Show of hands: Who here still thinks Vice President Joseph R. Biden will be on the 2012 ticket?
Really? All of you? So wrong. The Great One, Sir Barack Hussein Obama, will replace the bumbling, buffoonish Mr. Biden with Lady Hillary Rodham Clinton, maybe at the Democratic convention, maybe just before, in a last-ditch effort to win re-election.
The wild and crazy move is all the talk outside the Beltway. One state Democratic leader even tells me the bumper stickers are already printed, sitting in a warehouse in (where else?) Little Rock, Ark. Another party bigwig says she is “99.9 percent sure” the increasingly desperate president planned the whole thing from the beginning. (“C’mon, Hill, be Secretary of State for one term and I’ll make you veep the next!”)
Step back a minute: What does the president get from keeping Punxsutawney Putz on the ticket? Zippy the chimp. But if he bails on Mr. Biden, picks a woman — bam, base enthusiasm goes through the roof, women come out of the woodwork to vote (for Mrs. Clinton, not for Mr. Obama), and it’s 1600 Pennsylvania Ave. for another four years. (Plus, Joe becomes Secretary of State, because, really now, he wouldn’t know what to do if he wasn’t living off the government teat, would he?)
Back to the president’s desperation. As The Washington Times laid out last week, Mr. Obama’s re-election is no lock. “Many models show President Obama with a likely base of 252 electoral votes out of the 270 needed to win,” the paper said. Nice lead. He’s got a hold of the West Coast, the Northeast minus New Hampshire, plus most likely Illinois, Michigan, Minnesota, Colorado, New Mexico, Nevada and Hawaii (although some of those are still considered in play).
The Republican candidate starts out with just 191 solid. But get this: Ohio and Florida, the big gets, are tough sells for the failing president, as are Virginia and North Carolina (which this month voted down gay marriage, Mr. Obama’s new signature issue). Combined, the four states hold 75 electoral votes. Suddenly, Mitt Romney’s at 266 to Mr. Obama’s 252.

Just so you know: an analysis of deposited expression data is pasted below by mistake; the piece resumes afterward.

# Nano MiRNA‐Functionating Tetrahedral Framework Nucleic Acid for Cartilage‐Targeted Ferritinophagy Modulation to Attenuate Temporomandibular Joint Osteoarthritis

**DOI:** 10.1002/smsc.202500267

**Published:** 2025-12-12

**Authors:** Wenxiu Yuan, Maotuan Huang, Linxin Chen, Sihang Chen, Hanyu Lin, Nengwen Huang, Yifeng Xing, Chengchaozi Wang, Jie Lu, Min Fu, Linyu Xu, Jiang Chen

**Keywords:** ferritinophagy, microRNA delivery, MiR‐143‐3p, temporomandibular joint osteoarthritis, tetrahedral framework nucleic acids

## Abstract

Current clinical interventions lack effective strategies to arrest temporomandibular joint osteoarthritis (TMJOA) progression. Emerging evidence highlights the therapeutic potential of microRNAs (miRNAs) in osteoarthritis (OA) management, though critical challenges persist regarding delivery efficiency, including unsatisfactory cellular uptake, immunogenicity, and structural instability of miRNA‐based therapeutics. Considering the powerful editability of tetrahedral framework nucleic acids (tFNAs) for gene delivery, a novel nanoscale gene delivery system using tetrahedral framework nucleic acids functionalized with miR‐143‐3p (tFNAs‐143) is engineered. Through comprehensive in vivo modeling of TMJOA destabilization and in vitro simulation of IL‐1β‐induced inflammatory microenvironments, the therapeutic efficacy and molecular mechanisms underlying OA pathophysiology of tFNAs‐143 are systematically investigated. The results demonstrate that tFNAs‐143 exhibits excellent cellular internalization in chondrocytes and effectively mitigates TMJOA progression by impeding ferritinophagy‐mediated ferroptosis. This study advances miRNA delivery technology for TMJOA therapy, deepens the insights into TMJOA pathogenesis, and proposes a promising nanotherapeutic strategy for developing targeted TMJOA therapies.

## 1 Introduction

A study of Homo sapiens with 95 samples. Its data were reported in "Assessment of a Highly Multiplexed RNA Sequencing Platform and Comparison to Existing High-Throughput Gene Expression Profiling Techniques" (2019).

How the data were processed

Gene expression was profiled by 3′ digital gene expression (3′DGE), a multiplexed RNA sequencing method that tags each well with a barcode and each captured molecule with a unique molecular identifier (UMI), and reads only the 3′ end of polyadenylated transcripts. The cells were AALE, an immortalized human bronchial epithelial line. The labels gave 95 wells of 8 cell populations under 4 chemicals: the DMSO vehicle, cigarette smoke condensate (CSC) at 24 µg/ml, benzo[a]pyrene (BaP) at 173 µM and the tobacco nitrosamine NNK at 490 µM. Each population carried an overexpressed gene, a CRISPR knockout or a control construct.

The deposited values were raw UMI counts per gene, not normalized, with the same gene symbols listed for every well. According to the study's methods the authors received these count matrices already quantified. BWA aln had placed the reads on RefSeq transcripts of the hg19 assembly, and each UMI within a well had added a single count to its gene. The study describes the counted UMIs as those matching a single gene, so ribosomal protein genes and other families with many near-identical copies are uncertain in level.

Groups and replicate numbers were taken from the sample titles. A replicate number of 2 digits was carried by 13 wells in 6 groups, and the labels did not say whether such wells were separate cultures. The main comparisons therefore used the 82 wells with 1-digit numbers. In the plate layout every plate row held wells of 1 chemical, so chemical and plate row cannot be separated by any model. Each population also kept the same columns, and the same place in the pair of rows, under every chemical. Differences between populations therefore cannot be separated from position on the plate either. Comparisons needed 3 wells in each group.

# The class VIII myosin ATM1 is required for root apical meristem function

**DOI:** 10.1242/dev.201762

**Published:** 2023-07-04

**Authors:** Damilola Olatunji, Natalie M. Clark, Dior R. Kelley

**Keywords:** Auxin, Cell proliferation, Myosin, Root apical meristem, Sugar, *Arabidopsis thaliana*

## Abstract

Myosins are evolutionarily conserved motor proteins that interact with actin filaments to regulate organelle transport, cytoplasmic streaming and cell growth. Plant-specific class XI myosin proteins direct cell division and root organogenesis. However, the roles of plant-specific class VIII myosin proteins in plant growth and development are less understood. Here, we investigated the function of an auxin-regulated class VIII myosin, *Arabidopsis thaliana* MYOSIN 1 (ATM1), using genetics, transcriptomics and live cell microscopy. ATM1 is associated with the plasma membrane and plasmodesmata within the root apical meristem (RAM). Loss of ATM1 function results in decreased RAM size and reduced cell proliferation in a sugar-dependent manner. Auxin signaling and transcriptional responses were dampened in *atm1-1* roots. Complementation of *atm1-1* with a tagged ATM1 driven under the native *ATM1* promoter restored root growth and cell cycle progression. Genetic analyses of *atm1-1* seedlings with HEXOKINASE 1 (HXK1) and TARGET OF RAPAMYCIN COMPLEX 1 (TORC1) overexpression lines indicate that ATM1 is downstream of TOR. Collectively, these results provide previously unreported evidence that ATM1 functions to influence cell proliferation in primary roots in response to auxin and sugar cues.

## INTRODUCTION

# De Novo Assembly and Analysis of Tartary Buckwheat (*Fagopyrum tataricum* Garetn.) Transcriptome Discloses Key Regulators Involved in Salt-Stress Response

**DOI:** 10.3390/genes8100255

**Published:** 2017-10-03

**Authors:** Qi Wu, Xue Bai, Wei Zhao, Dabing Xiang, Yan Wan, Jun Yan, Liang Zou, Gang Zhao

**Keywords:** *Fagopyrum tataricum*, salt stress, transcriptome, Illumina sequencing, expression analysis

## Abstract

Make no mistake, the couch sitters in the Oval Office are well aware of these numbers. They know that, like Sen. John McCain last cycle, they’re going to need a game changer. Bad.
Enter Hillary. As Secretary of State, she has visited 165 countries, racking up 750,000 miles in the air, according to the State Department. She also happened to win 18 million votes in the 2008 primaries. Last month, her favorable rating hit an all-time high of 65 percent, according to a Washington Post-ABC News poll — just 27 percent viewed her unfavorably. Contrast that with Mr. Biden, whose favorable rating was 41 percent, with a whopping 44 percent unfavorable, according to a Fox News poll last week.
But here’s the shocker: In April, Mr. Obama held a 49 percent to 43 percent lead over Mr. Romney among women. That has now flipped to 46 percent backing Mr. Romney with 44 percent for Mr. Obama — an 8-point swap, according to the latest CBS-New York Times poll.
Mr. Romney was right in his New Hampshire speech: The president, who has failed to fix the economy or create jobs, “will run a campaign of diversions, distractions and distortions.” What else explains the weeks and weeks spent talking about contraception and gay marriage? No, the last thing the president plans to talk about is his record on the economy.
Moreover, Mr. Obama won office in 2008 in what was much more a movement than a campaign — all that hope and change. (Did he mention that he was black?) This time around, he’s nothing more than a craven politician running another vapid say-anything campaign. But flipping Joe for Hillary makes 2012 another revolution, not for the first black president, but for the first female vice president.
Even more, Mrs. Clinton helps with exactly the voters now abandoning Mr. Obama in droves: white, working- and middle-class Americans.
They voted for her in 2008, bailed in 2010, but could come back if she joins the ticket in 2012. Mr. Obama signaled as much last week, talking to graduating seniors at a commencement. “After decades of slow, steady, extraordinary progress, you are now poised to make this the century where women shape not only their own destiny but the destiny of this nation and of this world,” he said.
Seven incumbents have replaced original running mates over the years: Five won re-election. Why’d they do it? Desperation.
Michelle Obama won’t like it (“I’m the most powerful woman in Washington!”), but her husband no doubt knows it may just be his only path to re-election. And in Chicagoland, the ends justify the means — every time.
• Joseph Curl covered the White House and politics for a decade for The Washington Times. He can be reached at email@example.com.